BANGKOK—Authorities in Burma have arrested five more opposition activists in connection with nationwide protests in September.
“It happened early this morning, at 1 a.m.,” Nyi Nyi, an anti-government activist now in exile in an undisclosed location, told RFA’s Burmese service.
“In Tamwe district, in Rangoon. At Number 4 Tagon Lwin Street, it happened,” he said. “My mother, my cousin [Thet Thet Aung], …they all were in hiding…”
Nyi Nyi said authorities had arrested his mother, Daw San San Tin, 56, along with four critics of the military government, three of whom began their activism during the mass uprising of 1988 that ended in a crackdown that killed up to 3,000 people.
My mother, my cousin [Thet Thet Aung], …they all were in hiding…
Nyi Nyi said witnesses told him that those arrested were three women—his mother San San Tin, his cousin Ma Thet Thet Aung, 35, and Ma Noe Noe, 20—and two men, Ko Kyaw Swa, 43, and Ko Ko Gyi, 47.
Ko Ko Gyi was with another dissident, Htay Kywe, when he was arrested Oct. 13, Nyi Nyi said, but Ko Ko Gyi “managed to escape.”
Where anyone in the group had been taken was unclear, and the junta made no immediate statement.
On Oct. 8, authorities tried to arrest Thet Thet Aung, along with her husband, Chit Ko Lin, near Mingalar market in Rangoon. Thet Thet Aung escaped and fled into hiding. On Oct. 17, authorities detained her mother and mother-in-law.
My family was asked to inform me....On the morning of the 10th, they took away my mother and my mother-in-law. They blamed me. They said that only when I was captured would they release my mother and my mother-in-law, my parents.
“On Oct. 9, they came back around 2 p.m. and searched until 6 p.m. I was told that they took away my national ID card and that they wanted me,” Thet Thet Aung said from her hiding place earlier this week.
“My family was asked to inform me. On the evening of the 9th, they went around and searched houses—my aunts’ houses. On the morning of the 10th, they took away my mother and my mother-in-law. They blamed me. They said that only when I was captured would they release my mother and my mother-in-law, my parents. They said they wouldn’t release them unless I was captured,” Thet Thet Aung said.
“The youngest child is only about one year and two months old. And this child is not a healthy one. He had a blood transfusion at birth. The day after birth, the child’s blood was transfused, and we had to save his life. He needs a lot of care. The education of the children—the health of the children—…one is eight and the other one is not quite six. They are only at those ages. I’m really concerned for their health and education,” she said.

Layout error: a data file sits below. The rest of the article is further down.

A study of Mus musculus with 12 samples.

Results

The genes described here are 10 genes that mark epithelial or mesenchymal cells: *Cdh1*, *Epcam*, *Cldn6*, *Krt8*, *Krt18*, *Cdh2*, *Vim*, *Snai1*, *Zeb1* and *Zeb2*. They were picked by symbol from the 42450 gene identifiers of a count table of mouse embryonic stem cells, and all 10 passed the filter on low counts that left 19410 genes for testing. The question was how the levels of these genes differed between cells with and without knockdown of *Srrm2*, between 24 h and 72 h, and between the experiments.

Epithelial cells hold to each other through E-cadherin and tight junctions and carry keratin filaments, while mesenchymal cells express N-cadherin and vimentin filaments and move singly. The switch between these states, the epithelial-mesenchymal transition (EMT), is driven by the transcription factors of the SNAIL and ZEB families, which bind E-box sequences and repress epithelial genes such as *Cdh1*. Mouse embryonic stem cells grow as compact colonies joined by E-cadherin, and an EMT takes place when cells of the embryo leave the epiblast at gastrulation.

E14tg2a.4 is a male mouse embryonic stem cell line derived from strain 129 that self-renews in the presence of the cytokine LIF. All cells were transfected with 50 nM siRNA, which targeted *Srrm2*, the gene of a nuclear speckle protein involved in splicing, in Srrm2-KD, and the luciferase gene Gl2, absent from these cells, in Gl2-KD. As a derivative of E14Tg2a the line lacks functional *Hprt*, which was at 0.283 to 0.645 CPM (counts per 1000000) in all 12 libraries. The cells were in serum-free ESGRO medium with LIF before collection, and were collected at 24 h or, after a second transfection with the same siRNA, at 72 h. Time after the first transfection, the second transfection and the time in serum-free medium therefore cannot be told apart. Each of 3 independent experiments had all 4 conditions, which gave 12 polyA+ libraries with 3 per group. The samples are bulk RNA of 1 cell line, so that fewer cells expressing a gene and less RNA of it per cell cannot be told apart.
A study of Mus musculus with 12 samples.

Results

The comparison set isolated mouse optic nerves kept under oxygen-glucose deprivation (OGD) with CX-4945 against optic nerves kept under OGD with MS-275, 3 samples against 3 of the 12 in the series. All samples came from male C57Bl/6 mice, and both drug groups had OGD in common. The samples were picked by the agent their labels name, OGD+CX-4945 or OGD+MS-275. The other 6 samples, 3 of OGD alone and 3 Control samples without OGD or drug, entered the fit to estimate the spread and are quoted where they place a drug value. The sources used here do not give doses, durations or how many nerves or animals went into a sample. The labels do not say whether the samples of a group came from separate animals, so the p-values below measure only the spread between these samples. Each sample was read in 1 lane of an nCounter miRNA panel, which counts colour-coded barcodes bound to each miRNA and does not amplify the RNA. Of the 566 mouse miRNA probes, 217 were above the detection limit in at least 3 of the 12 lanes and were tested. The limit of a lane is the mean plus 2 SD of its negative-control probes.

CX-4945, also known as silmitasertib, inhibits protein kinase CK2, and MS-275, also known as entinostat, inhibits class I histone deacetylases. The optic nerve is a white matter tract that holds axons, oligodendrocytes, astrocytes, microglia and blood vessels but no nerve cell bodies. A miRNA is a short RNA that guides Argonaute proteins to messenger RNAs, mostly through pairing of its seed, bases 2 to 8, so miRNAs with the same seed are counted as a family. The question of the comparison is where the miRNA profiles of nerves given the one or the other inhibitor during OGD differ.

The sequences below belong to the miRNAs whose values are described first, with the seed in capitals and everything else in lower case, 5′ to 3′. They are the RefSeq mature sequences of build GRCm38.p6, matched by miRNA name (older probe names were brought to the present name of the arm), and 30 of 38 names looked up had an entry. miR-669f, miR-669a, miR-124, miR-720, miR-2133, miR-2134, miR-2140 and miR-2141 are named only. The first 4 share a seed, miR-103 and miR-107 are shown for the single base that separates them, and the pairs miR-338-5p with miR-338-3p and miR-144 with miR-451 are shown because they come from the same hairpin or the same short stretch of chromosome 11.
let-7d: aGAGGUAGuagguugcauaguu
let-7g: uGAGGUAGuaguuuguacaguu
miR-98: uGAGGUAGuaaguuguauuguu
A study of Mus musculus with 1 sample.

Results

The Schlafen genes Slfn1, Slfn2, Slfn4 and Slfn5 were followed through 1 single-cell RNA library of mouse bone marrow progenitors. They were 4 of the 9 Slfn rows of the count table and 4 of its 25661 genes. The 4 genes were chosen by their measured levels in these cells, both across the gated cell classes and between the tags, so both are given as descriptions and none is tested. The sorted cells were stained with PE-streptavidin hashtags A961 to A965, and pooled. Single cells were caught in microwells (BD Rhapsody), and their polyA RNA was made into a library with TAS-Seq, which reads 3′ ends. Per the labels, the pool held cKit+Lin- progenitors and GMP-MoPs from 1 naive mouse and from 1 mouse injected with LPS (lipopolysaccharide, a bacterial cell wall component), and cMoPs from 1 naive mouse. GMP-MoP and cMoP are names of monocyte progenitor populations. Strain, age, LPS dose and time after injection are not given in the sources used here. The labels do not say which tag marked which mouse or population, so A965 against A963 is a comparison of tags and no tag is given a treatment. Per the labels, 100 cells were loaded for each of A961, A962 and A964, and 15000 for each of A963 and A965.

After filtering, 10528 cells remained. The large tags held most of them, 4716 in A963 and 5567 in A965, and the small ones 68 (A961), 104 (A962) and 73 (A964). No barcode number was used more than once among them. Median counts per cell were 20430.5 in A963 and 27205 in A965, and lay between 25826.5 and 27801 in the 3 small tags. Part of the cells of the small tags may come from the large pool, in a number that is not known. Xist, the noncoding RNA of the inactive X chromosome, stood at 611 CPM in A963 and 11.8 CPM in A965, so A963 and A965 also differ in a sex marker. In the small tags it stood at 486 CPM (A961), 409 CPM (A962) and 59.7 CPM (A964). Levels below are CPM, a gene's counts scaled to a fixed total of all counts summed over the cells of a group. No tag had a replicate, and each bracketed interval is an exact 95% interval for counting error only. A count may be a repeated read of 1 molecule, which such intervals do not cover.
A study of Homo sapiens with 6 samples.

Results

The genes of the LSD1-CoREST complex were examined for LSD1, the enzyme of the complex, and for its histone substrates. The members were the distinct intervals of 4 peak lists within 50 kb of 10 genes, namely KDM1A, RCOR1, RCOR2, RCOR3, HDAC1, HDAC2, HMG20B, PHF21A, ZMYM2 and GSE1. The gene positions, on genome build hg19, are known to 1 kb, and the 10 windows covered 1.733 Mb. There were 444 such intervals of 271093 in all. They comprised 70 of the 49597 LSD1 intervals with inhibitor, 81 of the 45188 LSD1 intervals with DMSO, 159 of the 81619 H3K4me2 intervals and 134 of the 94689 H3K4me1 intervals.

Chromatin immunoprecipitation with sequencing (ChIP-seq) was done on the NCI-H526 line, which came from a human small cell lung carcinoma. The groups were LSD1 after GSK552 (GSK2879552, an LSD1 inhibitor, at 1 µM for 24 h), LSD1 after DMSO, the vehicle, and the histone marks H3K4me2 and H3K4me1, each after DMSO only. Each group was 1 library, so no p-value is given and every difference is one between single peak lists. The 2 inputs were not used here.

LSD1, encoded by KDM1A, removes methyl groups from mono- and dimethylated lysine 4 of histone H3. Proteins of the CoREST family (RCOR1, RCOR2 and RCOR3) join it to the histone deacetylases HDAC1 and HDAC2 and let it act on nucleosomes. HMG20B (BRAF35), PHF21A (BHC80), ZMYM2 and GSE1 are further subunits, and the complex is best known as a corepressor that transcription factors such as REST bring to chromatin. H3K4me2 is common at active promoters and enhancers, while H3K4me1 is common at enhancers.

“I’m also concerned for my parents and my husband. They [the authorities] are really inhumane. My parents—my mother is over 50. She has heart disease, high blood pressure, stomach problems, and also terrible asthma. She has to be on constant medication for her asthma. She has to take her medicine day and night. My mother-in-law is over 70,” Thet Thet Aung said.
“I am extremely worried now for my children. I’m really worried and am thinking what I can do for them—for my parents and my children and my husband. I’m feeling panicked. Just think about it, I’m worried for my children and my parents.”
Sophie Richardson, Asia advocacy director at the Washington office of Human Rights Watch, called the arrests "part of a continuing crackdown focused on tracking down every possible activist and organizer they can find, thousands of them."
The junta has said 10 people were killed when troops fired into crowds of peaceful protesters during the Sept. 26-27 crackdown, and it has reported detaining nearly 3,000 people.
But diplomats and opposition members say the actual death toll is far higher, and that many more people have been arrested. including thousands of monks who led the rallies.
In Washington, U.S. President George Bush meanwhile announced new sanctions against Burma's ruling junta. He ordered a tightening of export controls and urged India and China, with their extensive trade ties with Burma, to step up pressure as well.
Bush directed the U.S. Treasury Department to freeze the financial assets of members of the military regime not covered by previous measures.
"We are confident that the day is coming when freedom's tide will reach the shores of Burma," he said. Washington has already imposed substantial trade, investment, and diplomatic sanctions, freezing assets and imposing visa bans on senior generals and their families.
The European Union has stepped up its sanctions, and Japan has eliminated more than U.S. $4 million in funds.